Tuesday, March 20, 2007

Big Death, little deaths

Tomorrow, March 21st is the Commemoration of the Death of St Benedict of Nursia. Since he is one of my patrons, I hold this day close to heart. It reminds me in the middle of Lent that we all prepare for death, each in his or her own way.

One of the better preparations we can all make is to suffer little deaths gladly.

These little deaths can be self imposed mortifications, such as denying oneself some small pleasure or activity as a discipline and a reminder. Skip the second cup of coffee. Go out of your way to encounter and be nice to someone you normally avoid. Sometimes these little deaths come to us unbidden, through circumstances forced upon us from outside.

In either case, we ought to welcome the opportunity to crucify our old self and allow the new being of Christ to rise within us. This is what Benedict was headed for. It is the only way his preoccupation with and foreknowledge of his own death makes sense. St. Gregory the Great records it as follows:

"The same year in which he departed this life, Benedict told the day of his holy death to his monks, some of which lived daily with him, and some dwelt far off. He urged those that were present to keep it secret, and revealed to them that were absent by what token they should know that he was dead.

Six days before he left this world, he gave order to have his tomb opened, and forthwith falling into an ague, he began with burning heat to wax faint, and when as the sickness daily increased, on the sixth day he commanded his monks to carry him into the oratory, where he armed himself with receiving the body and blood of our Savior Christ; and having his weak body held up by the hands of his disciples, he stood with his own arms lifted to heaven. As he was praying in that manner, he gave up the ghost.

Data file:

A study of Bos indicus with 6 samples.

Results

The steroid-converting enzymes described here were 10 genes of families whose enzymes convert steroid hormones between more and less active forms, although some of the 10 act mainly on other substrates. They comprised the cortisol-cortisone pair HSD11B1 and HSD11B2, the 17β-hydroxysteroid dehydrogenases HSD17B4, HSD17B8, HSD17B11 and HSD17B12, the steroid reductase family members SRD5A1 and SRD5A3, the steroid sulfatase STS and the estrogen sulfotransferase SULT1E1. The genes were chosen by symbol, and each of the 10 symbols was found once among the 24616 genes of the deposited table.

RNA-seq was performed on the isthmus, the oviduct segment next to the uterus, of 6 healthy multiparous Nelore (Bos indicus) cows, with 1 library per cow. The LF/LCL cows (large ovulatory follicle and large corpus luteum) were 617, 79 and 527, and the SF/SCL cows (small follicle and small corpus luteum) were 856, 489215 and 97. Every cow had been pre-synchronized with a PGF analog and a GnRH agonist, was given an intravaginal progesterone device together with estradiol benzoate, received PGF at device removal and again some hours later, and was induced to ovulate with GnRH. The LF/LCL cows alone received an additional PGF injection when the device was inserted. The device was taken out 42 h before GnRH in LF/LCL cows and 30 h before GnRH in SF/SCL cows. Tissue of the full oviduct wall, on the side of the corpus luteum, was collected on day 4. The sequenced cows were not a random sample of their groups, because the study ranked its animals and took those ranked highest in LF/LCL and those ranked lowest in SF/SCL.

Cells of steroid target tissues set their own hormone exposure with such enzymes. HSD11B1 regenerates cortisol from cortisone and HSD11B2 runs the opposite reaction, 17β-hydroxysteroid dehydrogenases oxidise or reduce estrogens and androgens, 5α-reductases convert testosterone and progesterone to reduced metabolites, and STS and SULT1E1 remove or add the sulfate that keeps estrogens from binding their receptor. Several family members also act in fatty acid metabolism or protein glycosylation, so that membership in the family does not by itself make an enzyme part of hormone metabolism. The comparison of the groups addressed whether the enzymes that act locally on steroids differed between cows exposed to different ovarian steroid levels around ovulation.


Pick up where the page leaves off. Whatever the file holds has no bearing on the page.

On that same day two monks, one being in his cell, and the other far distant, had one and the same vision concerning him: they saw all the way from the holy man's cell, towards the east even up to heaven, hung and adorned with tapestry and shining with an infinite number of lamps. At the top a man, reverently attired, stood and demanded if they knew who passed that way, to whom they answered saying, that they knew not. Then he spoke to them: "This is the way by which the beloved servant of God, Benedict, ascended up to heaven."

By this means, as his monks that were present knew of the death of the holy man, so likewise those who were absent, by the token which he foretold them, had intelligence of the same thing. He was buried in the oratory of St. John Baptist which he himself had built when he overthrew the altar of Apollo. That cave in which he first dwelled [at Subiaco], even to this very time, works miracles, if the faith of those that pray there requires the same."

We may not be able to visit the holy man's cave or gravesite today in the flesh. Still, we can honor the memory of Benedict's presence among us and his passing, especially by practicing the little death.